News Release

At the most selective universities, immigrants comprise a disproportionate number of black students

Peer-Reviewed Publication

University of Chicago Press Journals

In a groundbreaking new study from the American Journal of Education, researchers from Princeton University and the University of Pennsylvania reveal that first- or second-generation immigrants comprise a disproportionately high percentage of the of Black student population at U.S. universities, with the percentage increasing in proportion to the selectivity of the institution. In the Ivy League, more than 40 percent of the Black population is of immigrant origin, despite comprising just 13 percent of the Black population overall.

In recent years, prominent African American intellectuals such as Henry Louis Gates Jr. have called attention to the perceived overrepresentation of children of immigrants among African Americans attending selective colleges and universities in the United States. This fact has become the focus of vigorous debate about the purposes of affirmative action in higher education and whether Blacks of immigrant origins – as opposed to Blacks who are the descendants of slaves – are the appropriate beneficiaries.

However, the debate has transpired largely in the absence of statistical information. Using data from the National Longitudinal Study of Freshman (NLSF), NLSF codirector Douglas Massey, Margarita Mooney, and Kimberly C. Torres (all of Princeton University), and Camille Z. Charles (University of Pennsylvania), found that overrepresentation of Black immigrants was greater in private than in public institutions. In addition, immigrants constituted 35 percent of the Black students at the ten most selective schools, but just 24 percent in the least selective schools in the survey. (The researchers defined students who had at least one parent born abroad as immigrants. Thus, many of the students defined as "native" may well have one or more immigrant grandparents.)

The researchers found few differences in social and economic origin between Black immigrant and Black native student groups, with one notable exception: Black immigrant fathers were far more likely to have graduated from college than native fathers, reflecting the fact that Africans and Afro-Caribbeans are the most educated immigrant group, with many originally coming to the Unites States to pursue a degree.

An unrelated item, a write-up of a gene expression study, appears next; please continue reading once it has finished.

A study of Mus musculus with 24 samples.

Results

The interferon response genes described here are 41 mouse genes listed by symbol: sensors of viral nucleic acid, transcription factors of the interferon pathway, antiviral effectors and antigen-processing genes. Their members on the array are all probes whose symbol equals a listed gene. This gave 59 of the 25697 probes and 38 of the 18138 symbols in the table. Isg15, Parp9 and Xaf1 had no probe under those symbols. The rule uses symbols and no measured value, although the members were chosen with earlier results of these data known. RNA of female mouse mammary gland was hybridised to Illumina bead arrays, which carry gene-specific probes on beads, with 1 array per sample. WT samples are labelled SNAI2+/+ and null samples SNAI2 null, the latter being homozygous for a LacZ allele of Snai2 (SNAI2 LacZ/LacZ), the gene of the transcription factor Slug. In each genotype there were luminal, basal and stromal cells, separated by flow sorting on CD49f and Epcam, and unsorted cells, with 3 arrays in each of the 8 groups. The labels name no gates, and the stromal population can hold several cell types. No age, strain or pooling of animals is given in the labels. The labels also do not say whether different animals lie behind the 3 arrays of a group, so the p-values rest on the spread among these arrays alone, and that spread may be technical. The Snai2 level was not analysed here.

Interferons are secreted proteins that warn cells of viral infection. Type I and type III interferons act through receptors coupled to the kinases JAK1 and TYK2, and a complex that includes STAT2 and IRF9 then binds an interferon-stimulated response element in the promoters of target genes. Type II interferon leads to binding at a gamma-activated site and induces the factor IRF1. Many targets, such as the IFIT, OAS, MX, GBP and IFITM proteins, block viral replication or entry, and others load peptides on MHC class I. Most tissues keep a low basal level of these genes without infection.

Perhaps as a result of this advantage, immigrant children were more likely to have attended private school, where they experienced lower exposure to violence and modestly more exposure to members of other racial groups.

However, once enrolled at the college or university, Black immigrants perform no better than their native counterparts, implying that the factors influencing the performance of Black students in higher education affect immigrants and natives alike.

"Ultimately, the data we have presented cannot answer the question of whether the children of Black immigrants are worthy beneficiaries of affirmative action, for the answer rests largely on a moral judgment," conclude the authors. "All we can say is that, with several notable exceptions, Black immigrants and natives display similar traits and characteristics and, more important, evince equal levels of academic preparation. Whatever processes are happening on college campuses to depress Black academic performance below that of whites with similar characteristics, they function for immigrants as well as natives."


Founded as School Review in 1893, the American Journal of Education bridges and integrates the intellectual, methodological, and substantive diversity of educational scholarship, while encouraging a vigorous dialogue between educational scholars and practitioners.

Massey, Douglas S., Margarita Mooney, and Kimberly C. Torres, "Black Immigrants and Black Natives Attending Selective Colleges and Universities in the United States." American Journal of Education: 113:2.